The University of Pittsburgh will now require all incoming freshmen to take a one-credit course on anti-racism.
The new course, which is titled Anti-Black Racism: History, Ideology, and Resistance, was announced last week as part of a new university-wide diversity, equity, and inclusion action plan. The course will tie the origins of anti-Black racism to African history and the history of slavery.
“The course is designed to inform us all about Black history and culture, about the multiple forms of anti-Black racism, and about how we can be anti-racist,” said Ann E. Cudd, provost and senior vice chancellor, in a university statement. “It is a deposit on our commitment to transform our institution and our society, beginning with education and focusing on our future through the special class of 2024.”
Yolanda Covington-Ward, PhD, chair of the Department of Africana Studies in the university’s Kenneth P. Dietrich School of Arts and Sciences, led a 12-member committee of faculty and students in developing the course.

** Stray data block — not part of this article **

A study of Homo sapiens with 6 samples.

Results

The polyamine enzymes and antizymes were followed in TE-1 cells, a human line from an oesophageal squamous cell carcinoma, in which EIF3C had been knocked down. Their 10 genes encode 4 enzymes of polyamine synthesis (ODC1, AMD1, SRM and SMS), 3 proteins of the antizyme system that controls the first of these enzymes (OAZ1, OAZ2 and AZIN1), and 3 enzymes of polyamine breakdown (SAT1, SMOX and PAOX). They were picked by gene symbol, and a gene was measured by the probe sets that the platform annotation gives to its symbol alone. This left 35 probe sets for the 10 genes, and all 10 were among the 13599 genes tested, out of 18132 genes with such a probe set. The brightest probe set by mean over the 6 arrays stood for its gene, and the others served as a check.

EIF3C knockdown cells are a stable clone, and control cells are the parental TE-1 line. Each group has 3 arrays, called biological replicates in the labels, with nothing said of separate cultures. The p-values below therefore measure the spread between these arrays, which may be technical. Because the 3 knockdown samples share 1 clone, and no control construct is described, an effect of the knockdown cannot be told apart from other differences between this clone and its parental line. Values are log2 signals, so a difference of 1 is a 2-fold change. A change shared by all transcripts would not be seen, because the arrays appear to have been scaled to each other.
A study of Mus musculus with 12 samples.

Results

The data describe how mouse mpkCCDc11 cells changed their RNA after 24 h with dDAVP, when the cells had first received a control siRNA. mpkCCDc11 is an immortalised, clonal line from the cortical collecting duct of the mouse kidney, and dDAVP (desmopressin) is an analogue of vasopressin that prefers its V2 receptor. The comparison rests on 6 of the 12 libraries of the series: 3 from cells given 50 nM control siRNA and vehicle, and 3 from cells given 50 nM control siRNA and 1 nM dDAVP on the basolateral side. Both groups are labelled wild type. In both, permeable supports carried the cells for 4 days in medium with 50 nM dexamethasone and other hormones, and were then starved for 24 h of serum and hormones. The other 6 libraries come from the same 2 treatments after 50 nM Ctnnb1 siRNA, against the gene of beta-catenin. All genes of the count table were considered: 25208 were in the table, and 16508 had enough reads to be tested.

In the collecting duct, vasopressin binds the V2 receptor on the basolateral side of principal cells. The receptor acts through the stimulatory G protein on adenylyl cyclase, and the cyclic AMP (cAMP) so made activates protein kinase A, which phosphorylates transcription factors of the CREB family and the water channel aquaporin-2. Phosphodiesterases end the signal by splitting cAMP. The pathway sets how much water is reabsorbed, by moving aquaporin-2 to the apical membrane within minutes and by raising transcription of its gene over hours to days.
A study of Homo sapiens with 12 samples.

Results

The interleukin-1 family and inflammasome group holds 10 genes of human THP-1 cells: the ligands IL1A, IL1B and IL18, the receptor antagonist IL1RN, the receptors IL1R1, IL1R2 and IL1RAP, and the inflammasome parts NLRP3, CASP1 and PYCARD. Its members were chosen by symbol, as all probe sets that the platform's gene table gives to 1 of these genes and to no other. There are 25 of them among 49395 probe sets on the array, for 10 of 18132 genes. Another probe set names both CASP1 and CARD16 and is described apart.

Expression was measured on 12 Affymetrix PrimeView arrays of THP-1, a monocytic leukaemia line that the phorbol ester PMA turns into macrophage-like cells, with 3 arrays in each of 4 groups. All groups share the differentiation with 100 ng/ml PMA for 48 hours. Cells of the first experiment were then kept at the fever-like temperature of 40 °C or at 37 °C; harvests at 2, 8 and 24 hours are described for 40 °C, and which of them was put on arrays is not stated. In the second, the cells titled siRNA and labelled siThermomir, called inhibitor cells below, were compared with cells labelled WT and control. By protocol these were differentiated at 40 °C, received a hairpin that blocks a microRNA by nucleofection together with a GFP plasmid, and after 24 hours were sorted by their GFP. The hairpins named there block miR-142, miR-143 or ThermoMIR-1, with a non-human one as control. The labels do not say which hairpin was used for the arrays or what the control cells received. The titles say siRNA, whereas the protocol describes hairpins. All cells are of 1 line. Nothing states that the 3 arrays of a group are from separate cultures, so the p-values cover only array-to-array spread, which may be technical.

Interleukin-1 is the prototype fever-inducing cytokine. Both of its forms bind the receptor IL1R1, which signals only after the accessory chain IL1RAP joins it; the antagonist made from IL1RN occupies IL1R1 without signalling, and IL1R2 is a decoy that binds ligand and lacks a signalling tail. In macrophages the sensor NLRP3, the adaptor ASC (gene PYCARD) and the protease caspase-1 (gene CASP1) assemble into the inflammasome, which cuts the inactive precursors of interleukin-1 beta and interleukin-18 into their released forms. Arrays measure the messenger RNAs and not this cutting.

As part of the university’s new equity action plan, a website has been launched to address internal practices and fighting racism.
“With a renewed sense of urgency, we are fighting racism at Pitt and building on a legacy of struggle by Black students, faculty and staff to create a truly diverse and inclusive University community,” the website states. “We are changing our internal practices, structures and attitudes to directly support this mission while also confronting the world beyond our campus that resists progressive and positive change. Our work will always be in progress—a struggle we must be invested in now and forever.”
Students will begin the required course this fall.